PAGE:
IPSE: New IR35 briefing ‘cold comfort’ to concerned UK self-employed

A new government briefing on the upcoming changes to off-payroll working rules or ‘IR35’ offers little comfort to concerned self-employed people across the UK, IPSE (the Association of Independent Professionals and the Self-Employed) has warned.


IPSE’s Deputy Director of Policy Andy Chamberlain said: “This briefing will be cold comfort to the millions of self-employed who are worried about the looming disaster for the sector when the changes to IR35 come into force next April.  

“The government’s new guidance claims that legitimately self-employed people ‘will feel little impact’. Tell this to the thousands of contractors working for Barclays, Lloyds, HSBC and Tesco Bank who have already been told they must move into umbrella companies, go PAYE or cease contracting for these organisations altogether. There will likely be more such damaging decisions as April approaches.  

“HMRC is also now claiming that one of the major reasons for the change to IR35 is that at the moment, a self-employed person on £50,000 a year and who ‘doesn’t follow the rules’, will pay £6000 less tax. It then admits that ‘this includes employer NICs contributions of around £5000’. This begs the question: why is HMRC hounding the self-employed for tax that should come from employers? The focus should be on clients who engage them.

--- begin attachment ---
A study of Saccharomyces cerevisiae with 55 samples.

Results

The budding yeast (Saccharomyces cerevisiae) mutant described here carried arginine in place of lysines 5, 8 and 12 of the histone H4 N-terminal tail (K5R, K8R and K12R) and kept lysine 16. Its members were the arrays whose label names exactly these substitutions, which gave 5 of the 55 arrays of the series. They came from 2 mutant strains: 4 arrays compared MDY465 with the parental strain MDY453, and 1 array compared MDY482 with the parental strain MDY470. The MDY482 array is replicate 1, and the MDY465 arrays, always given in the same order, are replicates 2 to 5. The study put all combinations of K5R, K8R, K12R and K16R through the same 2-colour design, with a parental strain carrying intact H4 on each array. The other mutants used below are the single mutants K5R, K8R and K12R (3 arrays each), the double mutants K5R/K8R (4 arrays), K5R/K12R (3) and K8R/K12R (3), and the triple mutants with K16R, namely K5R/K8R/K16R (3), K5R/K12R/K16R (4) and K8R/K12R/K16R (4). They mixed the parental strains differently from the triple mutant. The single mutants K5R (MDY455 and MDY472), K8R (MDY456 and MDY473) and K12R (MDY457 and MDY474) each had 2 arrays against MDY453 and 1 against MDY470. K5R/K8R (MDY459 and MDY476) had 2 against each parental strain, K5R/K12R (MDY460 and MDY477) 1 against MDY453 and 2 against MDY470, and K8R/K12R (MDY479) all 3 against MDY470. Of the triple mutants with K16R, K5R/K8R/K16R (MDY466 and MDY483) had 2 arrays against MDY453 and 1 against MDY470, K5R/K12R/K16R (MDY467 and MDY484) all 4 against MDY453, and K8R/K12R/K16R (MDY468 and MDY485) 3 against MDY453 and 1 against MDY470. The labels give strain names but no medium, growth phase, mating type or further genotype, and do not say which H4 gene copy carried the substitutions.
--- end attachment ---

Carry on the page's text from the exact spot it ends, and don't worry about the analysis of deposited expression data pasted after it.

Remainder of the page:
“It is also disappointing that HMRC is still stubbornly standing by the CEST tool, which is the source of so many IR35 woes. HMRC has lost the vast majority of IR35 tribunal cases since 2017 – based on CEST tool rulings. You also have to wonder: if HMRC is so confident in the CEST tool, why is it changing it now?

“The truth is the CEST tool is extremely unreliable. In fact, HMRC admits that in 15 per cent of cases it cannot even provide a determination. The tool comes out with incorrect determinations – or does not produce a judgement at all – because it does not account for mutuality of obligation between a self-employed person and their client.

“The tool does indeed urgently need to be refined and updated, but in all our talks with HMRC, they have been adamant they will not change it to factor in mutuality of obligation. Therefore, we doubt this ‘enhanced version’ will improve matters at all for the self-employed. They still face disastrous changes to their tax system, based on a fundamentally flawed tool. We urge the government to recall and rethink this ill-conceived plan before it is too late.”